Camera Shutter Speed Explained
Even though we are going to talk about camera shutter speed you need to be aware of the fact there are three main factors that all work hand in hand with each other. In other words, when you adjust anyone of these three settings it will affect the other two.
The three settings are:
- Camera shutter speed
- Aperture adjustment
- The Cameras ISO
For this post, we are going to talk mainly about explaining the shutter speed. The other two you can check out the posts on each of them to see how they have their primary function on how and why they link together.
So getting back to the topic of camera shutter speed explained I want to pass on this phrase to you.
Shutter Speed = the Length of Time Light hits the Recording Media
The recording media is what we refer to as the sensor in a Digital SLR camera. The light is being directed there to get your picture. So the faster the shutter speed is, the more amount of light is required to hit the sensor to be able to reproduce your image. An example of this would be when you set your camera on a shutter speed of 60; you are telling the camera 60 = 1/60th of a second.
With your camera on this setting, you would be able to take good photo shots of people posing for instance. If you were to select anything slower than this 1/15, for example, you would end up with blurring from any sudden movements. A 1/60 of a second is fast enough to capture some great shots.
In photography, there is a term when using shutter speed called bulb.
Bulb = the shutter will open for as long as you press the shutter button.
This camera effect from controlling the shutter speed in this manner is recognized when you can look at a photograph and see everything in focus except what you could call light streams. The picture below will demonstrate the effect of the street in perfect focus with light streams.
From this photo, you can see the clarity and perfect focus of the street. You will also notice red and white light streams up and down the street as well. When you focus your camera, and this works best on a tripod, so you will eliminate any chances of jiggle. The red lights as some of you may know will be the brake lights and the white are obviously the front headlights of cars driving by in the picture. You see by holding the shutter button pressed everything that is stationary will be in sharp focus and the cars driving by will show their path of trailing lights.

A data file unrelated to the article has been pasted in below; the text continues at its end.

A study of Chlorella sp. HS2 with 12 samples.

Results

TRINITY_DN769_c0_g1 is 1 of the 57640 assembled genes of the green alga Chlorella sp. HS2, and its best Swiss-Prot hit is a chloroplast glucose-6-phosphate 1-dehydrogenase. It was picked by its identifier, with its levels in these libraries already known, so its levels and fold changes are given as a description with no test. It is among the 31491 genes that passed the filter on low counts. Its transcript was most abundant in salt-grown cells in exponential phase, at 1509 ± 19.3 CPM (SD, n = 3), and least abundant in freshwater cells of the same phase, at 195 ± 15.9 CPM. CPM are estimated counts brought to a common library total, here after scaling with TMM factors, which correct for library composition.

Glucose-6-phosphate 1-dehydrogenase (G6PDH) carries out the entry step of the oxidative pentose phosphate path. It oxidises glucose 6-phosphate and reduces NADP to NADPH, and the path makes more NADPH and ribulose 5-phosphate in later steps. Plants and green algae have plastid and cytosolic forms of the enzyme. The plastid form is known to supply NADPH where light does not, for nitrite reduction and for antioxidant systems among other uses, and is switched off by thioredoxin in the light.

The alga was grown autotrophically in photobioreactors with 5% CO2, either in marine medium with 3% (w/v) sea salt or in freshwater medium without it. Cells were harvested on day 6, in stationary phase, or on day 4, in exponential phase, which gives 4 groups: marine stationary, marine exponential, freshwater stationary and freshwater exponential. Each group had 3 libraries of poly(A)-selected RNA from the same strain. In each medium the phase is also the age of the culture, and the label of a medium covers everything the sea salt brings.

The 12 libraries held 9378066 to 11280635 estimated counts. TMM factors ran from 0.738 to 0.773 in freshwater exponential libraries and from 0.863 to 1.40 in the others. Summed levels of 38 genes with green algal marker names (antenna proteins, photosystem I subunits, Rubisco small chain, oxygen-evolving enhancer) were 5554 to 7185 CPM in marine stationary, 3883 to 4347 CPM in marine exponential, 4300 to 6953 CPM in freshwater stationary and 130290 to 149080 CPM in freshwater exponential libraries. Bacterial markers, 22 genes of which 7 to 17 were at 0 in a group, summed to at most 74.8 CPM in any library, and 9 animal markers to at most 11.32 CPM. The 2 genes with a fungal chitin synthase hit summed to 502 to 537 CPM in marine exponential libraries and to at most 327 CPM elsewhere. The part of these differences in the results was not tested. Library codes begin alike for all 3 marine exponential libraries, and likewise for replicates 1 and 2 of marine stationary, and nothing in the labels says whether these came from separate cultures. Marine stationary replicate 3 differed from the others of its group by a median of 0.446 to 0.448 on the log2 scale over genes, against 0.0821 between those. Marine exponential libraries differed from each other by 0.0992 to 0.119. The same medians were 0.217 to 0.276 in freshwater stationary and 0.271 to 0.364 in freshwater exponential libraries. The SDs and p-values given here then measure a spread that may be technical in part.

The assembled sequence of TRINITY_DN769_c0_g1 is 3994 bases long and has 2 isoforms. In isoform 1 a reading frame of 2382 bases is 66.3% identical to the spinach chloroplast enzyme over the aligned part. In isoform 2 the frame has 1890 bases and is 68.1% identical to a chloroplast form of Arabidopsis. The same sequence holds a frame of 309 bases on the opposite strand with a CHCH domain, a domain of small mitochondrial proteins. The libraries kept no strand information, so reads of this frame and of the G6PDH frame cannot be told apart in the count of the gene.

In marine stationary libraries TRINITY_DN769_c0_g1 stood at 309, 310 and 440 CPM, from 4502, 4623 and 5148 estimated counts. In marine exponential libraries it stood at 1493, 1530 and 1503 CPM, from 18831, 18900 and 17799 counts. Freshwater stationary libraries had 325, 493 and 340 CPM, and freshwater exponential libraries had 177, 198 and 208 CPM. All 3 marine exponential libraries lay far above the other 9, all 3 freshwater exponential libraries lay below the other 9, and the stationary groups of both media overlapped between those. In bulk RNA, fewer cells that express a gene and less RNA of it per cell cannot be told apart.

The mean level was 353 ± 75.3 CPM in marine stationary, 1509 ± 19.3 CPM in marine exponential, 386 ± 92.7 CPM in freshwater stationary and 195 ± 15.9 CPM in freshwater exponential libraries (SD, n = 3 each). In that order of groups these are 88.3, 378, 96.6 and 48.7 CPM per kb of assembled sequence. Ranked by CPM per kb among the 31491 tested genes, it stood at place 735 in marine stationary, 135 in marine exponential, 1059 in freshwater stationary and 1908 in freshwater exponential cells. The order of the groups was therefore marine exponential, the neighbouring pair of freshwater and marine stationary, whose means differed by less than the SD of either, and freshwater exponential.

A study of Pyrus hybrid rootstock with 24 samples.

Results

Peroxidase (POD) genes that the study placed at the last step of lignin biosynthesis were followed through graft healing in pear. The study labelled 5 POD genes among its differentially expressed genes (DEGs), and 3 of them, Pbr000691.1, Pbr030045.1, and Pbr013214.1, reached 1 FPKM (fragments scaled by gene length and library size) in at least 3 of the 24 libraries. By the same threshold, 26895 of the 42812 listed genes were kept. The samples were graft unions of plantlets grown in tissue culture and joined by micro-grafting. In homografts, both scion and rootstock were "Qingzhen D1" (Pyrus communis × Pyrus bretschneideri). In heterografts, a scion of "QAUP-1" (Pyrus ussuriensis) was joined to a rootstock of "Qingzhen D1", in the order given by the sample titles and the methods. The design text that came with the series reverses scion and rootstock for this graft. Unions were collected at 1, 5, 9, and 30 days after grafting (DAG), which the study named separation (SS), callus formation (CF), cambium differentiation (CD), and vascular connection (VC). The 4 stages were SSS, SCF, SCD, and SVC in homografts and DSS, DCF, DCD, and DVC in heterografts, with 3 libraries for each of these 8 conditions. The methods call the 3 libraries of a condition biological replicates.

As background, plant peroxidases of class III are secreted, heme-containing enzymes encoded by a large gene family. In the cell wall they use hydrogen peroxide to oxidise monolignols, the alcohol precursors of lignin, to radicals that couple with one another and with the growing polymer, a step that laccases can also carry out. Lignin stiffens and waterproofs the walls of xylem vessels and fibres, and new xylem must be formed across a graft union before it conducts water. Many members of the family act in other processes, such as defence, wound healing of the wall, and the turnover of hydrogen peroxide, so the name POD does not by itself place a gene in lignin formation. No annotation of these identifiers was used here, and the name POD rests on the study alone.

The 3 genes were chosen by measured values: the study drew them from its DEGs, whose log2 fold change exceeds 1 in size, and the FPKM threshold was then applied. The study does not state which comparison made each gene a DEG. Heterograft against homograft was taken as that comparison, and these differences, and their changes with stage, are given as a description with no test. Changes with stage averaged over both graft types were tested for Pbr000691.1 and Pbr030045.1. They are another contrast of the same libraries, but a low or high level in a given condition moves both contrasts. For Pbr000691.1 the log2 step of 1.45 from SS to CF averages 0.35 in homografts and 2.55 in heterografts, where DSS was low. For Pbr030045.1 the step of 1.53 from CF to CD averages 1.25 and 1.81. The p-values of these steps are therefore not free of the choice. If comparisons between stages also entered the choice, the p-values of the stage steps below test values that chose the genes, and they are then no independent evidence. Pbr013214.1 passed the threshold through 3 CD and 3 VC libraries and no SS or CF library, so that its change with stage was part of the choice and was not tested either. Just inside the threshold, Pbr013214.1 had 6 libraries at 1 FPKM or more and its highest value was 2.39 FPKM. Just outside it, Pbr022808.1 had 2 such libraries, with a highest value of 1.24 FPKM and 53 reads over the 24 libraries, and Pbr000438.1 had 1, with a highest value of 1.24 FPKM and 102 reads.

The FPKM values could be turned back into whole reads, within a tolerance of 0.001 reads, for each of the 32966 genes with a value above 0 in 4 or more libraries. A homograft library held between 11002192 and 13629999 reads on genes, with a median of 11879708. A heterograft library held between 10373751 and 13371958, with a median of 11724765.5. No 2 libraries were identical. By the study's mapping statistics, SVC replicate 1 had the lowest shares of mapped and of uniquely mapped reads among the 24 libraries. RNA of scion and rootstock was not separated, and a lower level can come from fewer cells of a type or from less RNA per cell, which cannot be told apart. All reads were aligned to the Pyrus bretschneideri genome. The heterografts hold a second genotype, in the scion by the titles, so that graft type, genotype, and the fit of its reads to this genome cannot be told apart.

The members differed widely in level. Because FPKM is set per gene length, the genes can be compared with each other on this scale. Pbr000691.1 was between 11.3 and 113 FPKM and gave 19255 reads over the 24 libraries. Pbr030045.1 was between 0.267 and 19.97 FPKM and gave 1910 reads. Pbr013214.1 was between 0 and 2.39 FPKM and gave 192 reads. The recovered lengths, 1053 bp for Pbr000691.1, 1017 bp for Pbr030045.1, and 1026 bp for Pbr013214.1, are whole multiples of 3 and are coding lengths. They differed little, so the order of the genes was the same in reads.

Now faster shutter speeds allow you to capture fast-moving objects that some will refer to Shutter Speed Barriers.
There are two main shutter speed barriers we can look at next.
Shutter Speed Barrier 1:
- When you are shooting people or animals and especially if you are hand holding your camera, try to stay at shutter speeds faster than1/60th of a second.
Shutter Speed Barrier 2:
- When you are attempting to capture the action of a fast-moving subject like a bird in flight, sports, always try to stay at shutter speeds of 1/500th of a second or faster.
The photo of the osprey shows a crisp, clean shot of a bird of prey in perfect focus from wing tip to wing tip. You can also do this with water droplets and spray from moving water to see everything in great detail.
With shutter speed, there is also one more thing I would like to mention that so many people saw the photos but not always known how to accomplish the shot. That is the blurred water flow. If you set your shutter speed for 1/15 of a second or slower, the result will be the blurred water flow look. Again you want to have your camera mounted firmly on a tripod to accomplish this properly. Have your aperture dialed down to f 22 and dropped your ISO to the lowest setting it will go to create shots like below.
So there you have camera shutter speed explained with a few photographs to help see the difference in outcome by the variations you adjust your settings to achieve your results.
To see and learn more about what you and your camera can do than
” Hi once again, I’m Travis Smithers author of Say It With Photographs where you will find tutorials on photography, editing software, cameras, and accessories. The use of post production equipment and their operation to the creation of fantastic gifts for you, friends and family, enjoy. Comments and questions always welcomed here!”